Hulk and the Agents of S.M.A.S.H.: Fear Itself — review

Screenplay by Brandon Auman.

When a fantasy show has an ensemble of characters, one of the filler episodes can be to have those characters encounter an embodiment of fear, which manifests as what each character’s afraid of the most. It’s an old formula, but it’s used so commonly because its effectiveness is determined by how well-written your characters already are. There are many animated shows that have employed the device, and it’s finally time for Hulk and the Agents of S.M.A.S.H. to do the same.

It was Hulk himself who said that, with the potential for discord and disagreement and lack of resolve, a team was a time bomb. In that case, it was he who was being deployed as the trigger, as his greatest weakness, anger, is also the most harmful to others. He is, essentially, a grenade. What he fears the most as a character is losing control and destroying those around him. That’s why his fear manifests as Dark Hulk, a personification so real it desires its own introduction card.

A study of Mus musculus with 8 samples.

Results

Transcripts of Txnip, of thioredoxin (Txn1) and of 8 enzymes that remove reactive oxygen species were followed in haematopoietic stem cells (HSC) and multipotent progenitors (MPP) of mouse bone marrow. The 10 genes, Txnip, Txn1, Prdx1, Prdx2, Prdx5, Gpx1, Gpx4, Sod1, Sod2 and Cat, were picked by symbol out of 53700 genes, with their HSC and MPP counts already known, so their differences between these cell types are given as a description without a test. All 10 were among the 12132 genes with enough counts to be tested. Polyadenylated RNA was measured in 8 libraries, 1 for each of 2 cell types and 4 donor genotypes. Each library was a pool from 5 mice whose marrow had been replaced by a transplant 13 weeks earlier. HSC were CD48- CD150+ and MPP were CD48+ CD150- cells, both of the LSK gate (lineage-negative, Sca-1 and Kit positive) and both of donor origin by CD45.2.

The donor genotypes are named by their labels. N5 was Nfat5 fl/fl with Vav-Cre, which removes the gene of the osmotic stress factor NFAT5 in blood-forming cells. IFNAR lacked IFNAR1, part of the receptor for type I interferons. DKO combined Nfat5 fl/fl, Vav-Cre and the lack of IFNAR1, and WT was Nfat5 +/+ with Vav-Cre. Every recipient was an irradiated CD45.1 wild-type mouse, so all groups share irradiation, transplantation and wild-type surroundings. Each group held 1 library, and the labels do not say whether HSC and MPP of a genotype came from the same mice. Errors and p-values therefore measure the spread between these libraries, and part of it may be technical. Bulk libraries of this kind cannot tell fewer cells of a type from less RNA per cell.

It’s not so much a sophisticated narrative as an original retelling of something already seen. Yes, the premise is formulaic, and often does end in the same way of the fear being used against the parasite, but it doesn’t matter. Because that canvas is so widely spread that it’s what’s projected onto it that really matters. It allows character study, and everything about Banner’s there from the moment this particular version of that same parasite attacks him, because his fear is revealed as a darker version of himself. Really, the battle was lost from the moment it began, because Hulk’s fear is so powerful that he’s inspired to not be what he knows he could turn into. And it’s that simplicity that puts everything in perspective – the concept of fear really is that uncomplicated. Banner’s a realistic character, but it’s Hulk, the fantasy element, that’s unremarkable. And so it makes perfect sense for an unremarkable character to have unremarkable fears. And that makes fighting so much better. Fear Itself really is the only thing we have to fear.

And cue The Daniel Caine Orchestra – Lonely Man.

Hulk and the Agents of S.M.A.S.H.: Fear Itself — unremarkable plot is remarkably important 8/10.